New in React 16.3: an Official Context API, Better Component Lifecycle Methods, More
React v16.3.0 was announced last week by Facebook, which originally developed the library for internal usage and then open sourced the project, while continuing to lead development efforts.
Core React JS team member Brian Vaughn highlighted an official context API that replaces an "experimental" API that has been offered for years but rarely promoted because of inherent issues "and because we always intended to replace the experimental API with a better one."
That "better one" is more efficient and supports both static type checking and deep updates, though the old experimental API will be available throughout the React 16.x lifecycle.
The context API lets developers streamline the access to data provided to React components. Typically, such data is passed down from one level of a component tree to the next through use of props. To use data, a React component needs to access it via passed-on props or through the setting of state.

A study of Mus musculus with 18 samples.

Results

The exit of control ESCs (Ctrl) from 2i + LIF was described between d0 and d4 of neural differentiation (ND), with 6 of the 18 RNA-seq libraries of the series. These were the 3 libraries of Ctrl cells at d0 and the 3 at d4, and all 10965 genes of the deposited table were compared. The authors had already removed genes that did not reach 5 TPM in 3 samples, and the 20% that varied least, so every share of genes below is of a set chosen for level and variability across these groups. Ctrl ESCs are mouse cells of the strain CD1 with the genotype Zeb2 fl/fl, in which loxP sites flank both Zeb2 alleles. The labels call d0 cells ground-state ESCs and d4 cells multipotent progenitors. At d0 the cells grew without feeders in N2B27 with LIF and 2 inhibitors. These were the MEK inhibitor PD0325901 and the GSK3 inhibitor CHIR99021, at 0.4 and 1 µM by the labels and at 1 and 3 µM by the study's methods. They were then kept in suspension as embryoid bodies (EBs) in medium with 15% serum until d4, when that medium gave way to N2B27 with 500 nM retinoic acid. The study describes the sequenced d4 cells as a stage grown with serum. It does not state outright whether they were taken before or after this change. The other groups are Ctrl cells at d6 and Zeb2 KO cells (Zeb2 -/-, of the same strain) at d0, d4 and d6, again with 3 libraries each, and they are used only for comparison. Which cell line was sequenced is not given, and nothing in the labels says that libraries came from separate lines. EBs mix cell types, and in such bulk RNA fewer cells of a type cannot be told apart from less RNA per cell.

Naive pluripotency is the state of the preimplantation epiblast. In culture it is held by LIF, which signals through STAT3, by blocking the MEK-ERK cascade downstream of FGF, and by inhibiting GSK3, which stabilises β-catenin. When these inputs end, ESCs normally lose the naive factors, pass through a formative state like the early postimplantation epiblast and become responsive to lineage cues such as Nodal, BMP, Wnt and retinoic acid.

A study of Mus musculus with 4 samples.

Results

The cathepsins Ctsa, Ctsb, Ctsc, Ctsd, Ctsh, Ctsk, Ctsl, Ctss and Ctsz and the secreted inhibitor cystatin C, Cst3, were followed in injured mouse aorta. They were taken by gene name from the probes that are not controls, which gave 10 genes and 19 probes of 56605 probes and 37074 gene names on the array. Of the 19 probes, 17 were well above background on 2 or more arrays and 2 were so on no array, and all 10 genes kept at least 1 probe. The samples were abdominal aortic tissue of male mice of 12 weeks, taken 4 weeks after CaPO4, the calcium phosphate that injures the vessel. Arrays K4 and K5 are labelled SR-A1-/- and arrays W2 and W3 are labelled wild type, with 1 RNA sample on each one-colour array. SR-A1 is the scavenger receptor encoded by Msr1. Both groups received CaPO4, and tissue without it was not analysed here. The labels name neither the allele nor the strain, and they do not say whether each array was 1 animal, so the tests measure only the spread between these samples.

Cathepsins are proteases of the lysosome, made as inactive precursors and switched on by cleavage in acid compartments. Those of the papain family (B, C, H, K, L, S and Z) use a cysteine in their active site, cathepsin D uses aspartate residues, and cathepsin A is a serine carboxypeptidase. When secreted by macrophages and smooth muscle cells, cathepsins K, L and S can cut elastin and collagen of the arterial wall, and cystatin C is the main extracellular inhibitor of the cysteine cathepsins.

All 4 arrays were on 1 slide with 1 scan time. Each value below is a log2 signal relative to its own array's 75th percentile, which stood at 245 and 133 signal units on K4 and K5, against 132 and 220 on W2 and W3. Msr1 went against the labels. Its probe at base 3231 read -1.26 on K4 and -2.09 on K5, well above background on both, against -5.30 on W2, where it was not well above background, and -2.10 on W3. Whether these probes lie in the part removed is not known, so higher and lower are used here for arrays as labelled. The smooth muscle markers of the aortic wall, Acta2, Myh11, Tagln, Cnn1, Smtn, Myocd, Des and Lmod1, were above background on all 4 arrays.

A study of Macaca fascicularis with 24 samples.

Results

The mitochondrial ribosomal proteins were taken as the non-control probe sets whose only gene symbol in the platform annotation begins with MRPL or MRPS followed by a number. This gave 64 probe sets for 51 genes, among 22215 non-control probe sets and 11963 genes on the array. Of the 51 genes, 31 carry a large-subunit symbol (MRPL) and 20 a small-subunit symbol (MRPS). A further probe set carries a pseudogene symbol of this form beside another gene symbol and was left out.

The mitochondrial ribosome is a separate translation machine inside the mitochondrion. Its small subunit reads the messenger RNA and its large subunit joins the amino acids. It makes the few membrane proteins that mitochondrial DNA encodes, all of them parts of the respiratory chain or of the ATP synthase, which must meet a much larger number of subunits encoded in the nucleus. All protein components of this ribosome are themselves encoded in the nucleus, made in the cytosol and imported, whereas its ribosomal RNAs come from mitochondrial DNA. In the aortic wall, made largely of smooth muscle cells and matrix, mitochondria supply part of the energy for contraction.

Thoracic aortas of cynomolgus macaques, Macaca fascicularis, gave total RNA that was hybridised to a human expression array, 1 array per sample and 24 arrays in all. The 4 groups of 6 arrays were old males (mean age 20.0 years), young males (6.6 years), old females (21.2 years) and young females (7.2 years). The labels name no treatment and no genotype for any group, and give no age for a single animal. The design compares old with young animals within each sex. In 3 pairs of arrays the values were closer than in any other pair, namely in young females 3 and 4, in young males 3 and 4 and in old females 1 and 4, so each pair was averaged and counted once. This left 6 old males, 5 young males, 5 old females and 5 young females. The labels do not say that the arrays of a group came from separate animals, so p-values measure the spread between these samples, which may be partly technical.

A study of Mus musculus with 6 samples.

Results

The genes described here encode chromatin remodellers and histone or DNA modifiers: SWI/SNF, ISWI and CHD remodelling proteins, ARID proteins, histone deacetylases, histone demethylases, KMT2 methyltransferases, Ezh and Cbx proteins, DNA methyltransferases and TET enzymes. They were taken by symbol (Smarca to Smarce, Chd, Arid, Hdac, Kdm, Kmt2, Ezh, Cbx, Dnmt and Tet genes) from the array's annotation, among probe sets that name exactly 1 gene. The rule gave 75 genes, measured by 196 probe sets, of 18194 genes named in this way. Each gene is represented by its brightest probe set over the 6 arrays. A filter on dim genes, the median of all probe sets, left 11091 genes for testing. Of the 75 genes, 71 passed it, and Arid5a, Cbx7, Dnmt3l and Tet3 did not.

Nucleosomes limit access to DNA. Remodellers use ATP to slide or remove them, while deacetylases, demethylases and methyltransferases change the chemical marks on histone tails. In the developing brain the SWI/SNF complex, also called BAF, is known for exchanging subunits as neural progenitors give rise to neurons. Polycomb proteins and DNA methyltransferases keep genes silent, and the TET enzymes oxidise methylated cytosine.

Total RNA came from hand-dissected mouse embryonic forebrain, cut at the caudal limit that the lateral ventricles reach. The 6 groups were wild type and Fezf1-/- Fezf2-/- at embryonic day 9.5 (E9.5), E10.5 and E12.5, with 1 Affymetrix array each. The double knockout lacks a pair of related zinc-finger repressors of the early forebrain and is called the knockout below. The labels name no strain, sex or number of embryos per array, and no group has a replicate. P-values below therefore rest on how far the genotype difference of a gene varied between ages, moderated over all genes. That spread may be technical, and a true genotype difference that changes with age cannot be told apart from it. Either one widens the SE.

With the new context API, data required by many components of a project can be accessed without having to be passed down through multiple component levels, ideal for working with things like locale preferences, authenticated users, UI themes and so on. In effect, it provides a global context from which a tree of React components can access data directly.
However, Facebook warns not to use the new functionality too liberally: "Don’t use context just to avoid passing props a few levels down. Stick to cases where the same data needs to be accessed in many components at multiple levels."
The new release also includes new methods for managing the lifecycle of components, because existing methods for letting developers insert logic code at different steps -- such as before a component will be mounted or updated or receive props -- were deemed "to encourage unsafe coding practices."
"A few days ago, we wrote a post about upcoming changes to our legacy lifecycle methods, including gradual migration strategies," Vaughn said in last week's post. "In React 16.3.0, we are adding a few new lifecycle methods to assist with that migration."
Other new features include new APIs for working with refs, which provide a way to access DOM nodes or React elements created in the render method responsible for the display of all components.
All of the above and many more new features are detailed in the project's GitHub site.
David Ramel is the editor of Visual Studio Magazine.